Chronique D'Un Été
CHRONIQUE D'UN ÉTÉ
(Chronicle of a Summer)
Directors: Jean Rouch and Edgar Morin
Production: Agros Films; black and white, 35mm; running time: 85 minutes, English version is 90 minutes. Released October 1961, Paris. Filmed summer 1960 in Paris and Saint-Tropez.
Producers: Anatole Dauman and Philippe Lifschitz; screenplay: Jean Rouch and Edgar Morin; photography: Roger Morillère, Raoul Coutard, Jean-Jacques Tarbès, and Michel Brault; editors: Jean Ravel, Nèna Baratier, and Françoise Colin; sound: Guy Rophe, Michel Fano, and Barthèlèmy.
Cast: Jean Rouch; Edgar Morin; Marceline; Angelo; Marilou; Jean-Pierre; Jean (Factory worker); Jacques (Factory worker); Régis (Student); Céline (Student); Jean-Marc (Student); Nadine (Student); Landry (Student); Raymond (Student); Jacques (Office worker); Simone (Office worker); Henri (Artist); Madi (Artist); Catherine (Artist); Sophie (Model).
Awards: International Critics Prize, Cannes Film Festival, 1961.
Rouch, Jean, and Edgar Morin, Chronique d'un été, Paris, 1962.
Armes, Roy, French Cinema Since 1946, Volume 2: The PersonalStyle, New York, 1966.
Ali Issari, M., Cinema Verité, East Lansing, Michigan, 1971.
Barnouw, Erik, Documentary: A History of the Non-Fiction Film, New York, 1974.
Courchay, Claude, Chronique d'un été, Paris, 1990.
Sandell, Roger, "Films by Jean Rouch," in Film Quarterly (Berke-ley). Winter 1961–62.
Milne, Tom, in Sight and Sound (London), Summer 1962.
Gerard, David, in Films and Filming (London), August 1962.
Shivas, Mark, in Movie (London), September 1962.
Graham, Peter, "Cinema Verité in France," in Film Quarterly (Berkeley), Summer 1964.
"Jean Rouch in Conversation with Jacqueline Veuve," in FilmComment (New York), Fall-Winter 1967.
Blue, James, "The Films of Jean Rouch," in Film Comment (New York), Fall-Winter 1967.
Freyer, Ellen, in The Documentary Tradition, edited by Lewis Jacobs, New York, 1971.
Levin, G. Roy, in Documentary Explorations: 15 Interviews withFilmmakers, New York, 1971.
Marcorelles, L., "Je suis mon premier spectateur," in Avant-Scène duCinéma (Paris), March 1972.
Studies in Visual Communication, no. 1, 1985.
Ben Salama, M., M. Serceau and L. Goldmann, "Special Section," in Cinemaction (Conde-sur-Noireau), no. 81, 1996.
* * *
Substantially distinguished as an ethnographic filmmaker, a studious if somewhat unscientific observer of rituals among the hunter-gatherers of post-Colonial Africa, Jean Rouch returned to his native Paris at age 40 in 1959 to encounter a new and stimulating intellectual climate. His friend, the critic and filmmaker Edgar Morin, challenged him to make a film about "his own tribe." Rouch responded with Chronique d'un été, one of the most evocative films from the makers of that ragbag of student excess and self-aggrandizement which Françoise Giroud christened the nouvelle vague. Trained in the hard school of location shooting, Rouch knew the challenge of making an urban ethnographic film was largely technical. He persuaded André Coutant at Eclair to lend him the prototype of a lightweight camera under development for the military. After use by day, it was returned to the Eclair factory at night for modification and repairs. Raoul Coutard, who worked only one day on the film, disparages Rouch's search for "cinema verité". The effort to duplicate Alexandre Astruc's ideal of the "caméra stylo," a camera as flexible as a pen, required as much hardware as any feature film.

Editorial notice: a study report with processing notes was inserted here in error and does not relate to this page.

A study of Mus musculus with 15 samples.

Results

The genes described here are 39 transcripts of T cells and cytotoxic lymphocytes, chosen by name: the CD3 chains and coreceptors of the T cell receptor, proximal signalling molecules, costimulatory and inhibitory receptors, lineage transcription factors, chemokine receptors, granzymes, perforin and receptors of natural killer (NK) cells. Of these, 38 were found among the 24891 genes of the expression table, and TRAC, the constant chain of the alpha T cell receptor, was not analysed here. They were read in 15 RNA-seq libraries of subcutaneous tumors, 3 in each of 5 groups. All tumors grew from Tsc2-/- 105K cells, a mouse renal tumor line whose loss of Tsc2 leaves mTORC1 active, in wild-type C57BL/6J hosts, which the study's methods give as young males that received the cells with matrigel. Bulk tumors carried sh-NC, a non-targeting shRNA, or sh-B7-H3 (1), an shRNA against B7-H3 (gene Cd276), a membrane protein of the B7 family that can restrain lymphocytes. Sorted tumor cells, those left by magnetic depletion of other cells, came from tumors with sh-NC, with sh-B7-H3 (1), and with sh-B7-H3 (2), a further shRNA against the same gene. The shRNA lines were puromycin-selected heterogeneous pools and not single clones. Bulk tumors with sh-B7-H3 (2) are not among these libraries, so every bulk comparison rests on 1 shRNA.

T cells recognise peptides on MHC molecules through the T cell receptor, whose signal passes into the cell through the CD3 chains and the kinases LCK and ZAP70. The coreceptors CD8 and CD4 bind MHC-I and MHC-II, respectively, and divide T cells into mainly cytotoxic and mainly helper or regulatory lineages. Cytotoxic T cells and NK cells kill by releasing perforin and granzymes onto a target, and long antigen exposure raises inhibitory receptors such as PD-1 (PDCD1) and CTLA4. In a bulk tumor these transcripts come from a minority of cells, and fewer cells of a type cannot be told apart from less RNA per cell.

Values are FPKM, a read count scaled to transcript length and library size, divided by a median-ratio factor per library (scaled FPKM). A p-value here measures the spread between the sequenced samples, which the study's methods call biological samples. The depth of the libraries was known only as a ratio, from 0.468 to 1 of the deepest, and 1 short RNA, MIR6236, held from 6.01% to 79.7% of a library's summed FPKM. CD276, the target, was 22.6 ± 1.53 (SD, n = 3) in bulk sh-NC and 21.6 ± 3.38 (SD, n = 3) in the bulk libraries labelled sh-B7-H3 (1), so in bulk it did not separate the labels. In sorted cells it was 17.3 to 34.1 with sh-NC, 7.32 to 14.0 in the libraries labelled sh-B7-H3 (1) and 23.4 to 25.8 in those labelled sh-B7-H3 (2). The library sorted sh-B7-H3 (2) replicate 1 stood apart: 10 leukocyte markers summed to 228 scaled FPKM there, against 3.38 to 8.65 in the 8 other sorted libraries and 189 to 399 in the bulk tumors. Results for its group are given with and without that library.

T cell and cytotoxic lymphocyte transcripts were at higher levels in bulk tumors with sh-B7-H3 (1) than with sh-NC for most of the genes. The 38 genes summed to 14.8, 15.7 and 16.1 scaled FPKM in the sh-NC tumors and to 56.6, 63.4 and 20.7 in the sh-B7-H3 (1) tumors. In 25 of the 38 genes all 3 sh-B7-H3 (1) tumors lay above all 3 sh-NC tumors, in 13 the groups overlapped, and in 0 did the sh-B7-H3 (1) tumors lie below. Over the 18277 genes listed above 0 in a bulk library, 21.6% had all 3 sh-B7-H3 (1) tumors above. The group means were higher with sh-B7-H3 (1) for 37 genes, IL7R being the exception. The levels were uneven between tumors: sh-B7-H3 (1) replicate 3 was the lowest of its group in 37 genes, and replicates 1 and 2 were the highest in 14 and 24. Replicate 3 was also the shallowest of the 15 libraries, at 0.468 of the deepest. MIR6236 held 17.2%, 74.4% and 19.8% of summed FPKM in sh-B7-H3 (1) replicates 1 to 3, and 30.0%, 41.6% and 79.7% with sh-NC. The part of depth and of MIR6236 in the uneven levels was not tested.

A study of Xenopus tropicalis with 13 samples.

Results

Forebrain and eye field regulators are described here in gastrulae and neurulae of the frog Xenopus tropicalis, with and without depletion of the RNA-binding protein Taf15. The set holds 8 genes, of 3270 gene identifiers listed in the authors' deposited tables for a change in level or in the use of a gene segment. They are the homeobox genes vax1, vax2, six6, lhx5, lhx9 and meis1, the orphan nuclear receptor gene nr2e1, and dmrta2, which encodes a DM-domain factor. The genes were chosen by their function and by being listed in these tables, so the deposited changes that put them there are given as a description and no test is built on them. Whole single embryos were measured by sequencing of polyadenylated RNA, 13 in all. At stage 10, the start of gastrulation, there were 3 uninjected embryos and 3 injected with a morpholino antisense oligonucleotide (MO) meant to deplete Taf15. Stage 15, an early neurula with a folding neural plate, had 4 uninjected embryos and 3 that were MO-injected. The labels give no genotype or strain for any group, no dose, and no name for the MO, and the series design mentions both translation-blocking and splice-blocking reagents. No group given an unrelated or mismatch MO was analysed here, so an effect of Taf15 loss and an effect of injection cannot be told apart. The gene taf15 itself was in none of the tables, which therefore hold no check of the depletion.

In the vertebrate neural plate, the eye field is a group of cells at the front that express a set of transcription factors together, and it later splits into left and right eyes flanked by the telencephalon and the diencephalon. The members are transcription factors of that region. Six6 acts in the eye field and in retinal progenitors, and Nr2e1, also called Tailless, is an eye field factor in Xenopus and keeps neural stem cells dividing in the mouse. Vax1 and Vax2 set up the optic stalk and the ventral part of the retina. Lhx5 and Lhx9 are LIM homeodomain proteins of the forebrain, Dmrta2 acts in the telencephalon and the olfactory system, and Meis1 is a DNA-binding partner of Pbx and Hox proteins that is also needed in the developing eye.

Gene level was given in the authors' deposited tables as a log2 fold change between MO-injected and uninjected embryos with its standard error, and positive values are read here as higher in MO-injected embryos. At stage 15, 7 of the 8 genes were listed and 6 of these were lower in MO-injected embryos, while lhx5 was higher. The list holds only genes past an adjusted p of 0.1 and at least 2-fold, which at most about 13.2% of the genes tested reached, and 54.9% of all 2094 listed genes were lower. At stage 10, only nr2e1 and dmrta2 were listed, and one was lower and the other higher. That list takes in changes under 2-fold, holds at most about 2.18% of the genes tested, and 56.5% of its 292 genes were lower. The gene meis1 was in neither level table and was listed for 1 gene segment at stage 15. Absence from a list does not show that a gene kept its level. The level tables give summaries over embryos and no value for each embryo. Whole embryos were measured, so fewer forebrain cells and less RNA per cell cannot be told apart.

Chronique betrays the constraints of technique and the causation of its makers. Set-ups are studied, montage formal, photography often imitative of the cinema of performance, while a side trip to St. Tropez for an alleged holiday to observe the beautiful at play exposes the deficiencies of Rouch's philosophy of enquiry. The film is open to the same criticism of formalism as the now-historic Drew-Leacock-Pennebaker exercises in spontaneous cinema. A delight in the exercise of technique turns the aleatory by-products of low-light wild-sound filming into elements of a new style. Grain, rambling vox pop, interviews, walking tracks are chosen rather than merely being tolerated in the pursuit of truth.
But Chronique is a brilliant pre-vision of a style and approach to actuality filming that would sweep away the standard formal Grierson documentary. To begin by asking people at random "Are you happy?" was a stroke of genius. Their reactions, puzzled, truculent, thoughtful, sing with spontaneity. Nor is Rouch afraid to follow a plainly disturbed girl down into the wallow of self-pity and hysteria, leaving the watcher to make a personal determination of her sincerity. The refusal to take sides is Chronique's strength, and the conclusion, as Rouch and Morin pace around a museum, wondering if the experiment proved anything, aptly conveys their genuine doubts. By then, however, their work had made the question largely irrelevant. The technique they created was to be the New Wave's most powerful and durable legacy.